I’ve written here before about my 1999 journey to Québec and my first experience of Les Francofolies, discovering the Québecois music scene for the first time. I was so entranced by the music I heard during those cool Montréal summer days and evenings that a fair amount of my travel budget went towards CDs, several of which remain in my regular listening to this day.
In addition to bringing home discs from several Québecois artists, I also found some European artists that I have followed (or attempted to follow) since. A certain music store directly across from the Berri-UQAM metro station can be blamed for this, as these albums were available for sampling in the store.
The first album was “Hors-saison” by Francis Cabrel, who I would later learn is an extremely well-established artist in France. The opening beats of “Le monde est sourd,” a bit jazzy, a bit rock, a bit country, hooked me immediately. Other highlights on the album for me include “Comme eux” and the title track, an absolutely gorgeous piano ballad.
What I didn’t fully appreciate until I had the opportunity to read the liner notes later (since I have more luck reading French than hearing it) is how political some of the songs are – and how relevant they remain, 18 years later. From the first track (whose title translates to “The world is deaf”), where Cabrel sings about the deafness of so many to the problems in the world around them, to “Cent ans de plus,” in which Cabrel sings of slavery’s effects and says, “Bien rouge le sang de l’Afrique / sur la jolie fleur du coton“ (Very red the blood of Africa / on the lovely flower of cotton), it strikes me that he could just as easily write many of these songs in 2017.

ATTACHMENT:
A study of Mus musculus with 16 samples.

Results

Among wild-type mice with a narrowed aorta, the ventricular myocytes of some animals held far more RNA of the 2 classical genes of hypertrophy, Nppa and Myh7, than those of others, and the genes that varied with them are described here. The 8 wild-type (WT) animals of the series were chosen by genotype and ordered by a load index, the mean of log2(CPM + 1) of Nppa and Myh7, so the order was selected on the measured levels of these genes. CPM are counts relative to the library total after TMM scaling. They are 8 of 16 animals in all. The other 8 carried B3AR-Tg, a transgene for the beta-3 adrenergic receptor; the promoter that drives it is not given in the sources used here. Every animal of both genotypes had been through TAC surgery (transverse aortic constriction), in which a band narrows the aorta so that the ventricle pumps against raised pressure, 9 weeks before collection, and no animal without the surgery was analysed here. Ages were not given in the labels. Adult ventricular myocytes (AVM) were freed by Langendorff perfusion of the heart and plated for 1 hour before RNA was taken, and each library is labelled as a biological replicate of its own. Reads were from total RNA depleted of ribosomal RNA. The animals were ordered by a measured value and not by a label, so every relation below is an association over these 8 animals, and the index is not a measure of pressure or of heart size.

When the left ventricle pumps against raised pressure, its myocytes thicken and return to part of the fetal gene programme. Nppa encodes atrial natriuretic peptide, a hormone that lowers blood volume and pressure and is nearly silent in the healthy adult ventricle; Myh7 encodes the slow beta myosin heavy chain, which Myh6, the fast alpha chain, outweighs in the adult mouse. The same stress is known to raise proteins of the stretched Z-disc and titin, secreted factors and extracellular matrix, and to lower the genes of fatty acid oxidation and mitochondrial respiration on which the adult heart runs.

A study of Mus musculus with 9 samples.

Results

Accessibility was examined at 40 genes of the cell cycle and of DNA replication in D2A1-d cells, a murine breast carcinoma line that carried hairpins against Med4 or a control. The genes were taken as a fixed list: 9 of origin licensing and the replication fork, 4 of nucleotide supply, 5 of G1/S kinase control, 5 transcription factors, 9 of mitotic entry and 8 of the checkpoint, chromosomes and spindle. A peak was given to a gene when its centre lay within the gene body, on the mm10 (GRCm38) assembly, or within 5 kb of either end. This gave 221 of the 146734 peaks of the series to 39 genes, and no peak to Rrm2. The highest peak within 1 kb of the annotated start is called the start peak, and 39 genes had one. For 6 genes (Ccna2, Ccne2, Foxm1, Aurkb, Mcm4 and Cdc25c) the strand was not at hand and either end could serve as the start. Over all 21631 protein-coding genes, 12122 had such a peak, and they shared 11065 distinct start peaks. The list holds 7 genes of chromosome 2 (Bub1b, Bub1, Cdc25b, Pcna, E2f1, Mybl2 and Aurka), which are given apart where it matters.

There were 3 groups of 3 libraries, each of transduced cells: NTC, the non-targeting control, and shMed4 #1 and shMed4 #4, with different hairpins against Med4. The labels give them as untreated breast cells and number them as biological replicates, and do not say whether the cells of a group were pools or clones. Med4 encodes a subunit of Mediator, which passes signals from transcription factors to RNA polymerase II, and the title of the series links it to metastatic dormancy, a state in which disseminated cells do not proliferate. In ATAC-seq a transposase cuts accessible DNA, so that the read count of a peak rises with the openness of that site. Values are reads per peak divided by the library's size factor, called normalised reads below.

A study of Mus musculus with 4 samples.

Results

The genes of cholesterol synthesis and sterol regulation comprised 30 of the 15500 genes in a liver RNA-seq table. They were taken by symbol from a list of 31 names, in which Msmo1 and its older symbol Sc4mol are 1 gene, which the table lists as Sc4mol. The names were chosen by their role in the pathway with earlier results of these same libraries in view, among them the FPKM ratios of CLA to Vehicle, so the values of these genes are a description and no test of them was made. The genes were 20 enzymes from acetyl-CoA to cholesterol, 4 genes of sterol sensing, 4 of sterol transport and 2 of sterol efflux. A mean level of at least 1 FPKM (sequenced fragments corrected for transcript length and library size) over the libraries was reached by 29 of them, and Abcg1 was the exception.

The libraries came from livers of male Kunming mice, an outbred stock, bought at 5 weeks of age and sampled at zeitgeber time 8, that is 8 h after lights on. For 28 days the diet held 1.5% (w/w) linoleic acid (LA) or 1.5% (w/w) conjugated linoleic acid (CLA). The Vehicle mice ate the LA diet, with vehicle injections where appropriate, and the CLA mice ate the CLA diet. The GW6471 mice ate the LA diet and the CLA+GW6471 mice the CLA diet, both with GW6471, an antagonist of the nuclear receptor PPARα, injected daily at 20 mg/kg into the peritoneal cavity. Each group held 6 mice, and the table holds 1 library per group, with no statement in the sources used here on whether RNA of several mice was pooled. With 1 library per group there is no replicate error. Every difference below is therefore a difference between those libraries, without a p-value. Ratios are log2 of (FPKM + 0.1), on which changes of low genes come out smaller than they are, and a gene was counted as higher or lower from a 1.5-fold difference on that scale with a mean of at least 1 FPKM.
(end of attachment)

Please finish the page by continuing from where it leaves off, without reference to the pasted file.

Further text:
The second album I bought and loved (and bought again when I feared I’d lost it in a move) is “L’arbre et la fruit” from Jérôme Cotta – his debut album. Until recently, I thought it was his only album, as I’d never seen another, but I was thrilled to find that he has since released several albums (in English) as Jehro.
As with “Hors-saison,” the first few bars of Cotta’s album entranced me. Acoustic and slide guitars, strings, and great percussion sounds sparkle throughout the album. Here, too, Cotta’s lyrics are just as timely now as when they were released. From the track “Des milliards des personnes”: “Y’a des milliards de personnes / Des milliards de couleurs / Des milliards de valeurs / Vu d’avion ça résonne / Comme un battement de coeur” (There are billions of people / Billions of colors / Billions of values / Seen from a plane they resound / Like a heartbeat). Words of inclusiveness, carrying a message that’s even more important today than it was twenty years ago.
I suspect we all have albums we purchased throughout our lives that remind us of certain times and places. For me, these two CDs will always remind me of bright, cool summer days in Montréal, when music echoed in the streets and I discovered a whole new world of song that I’d not previously known.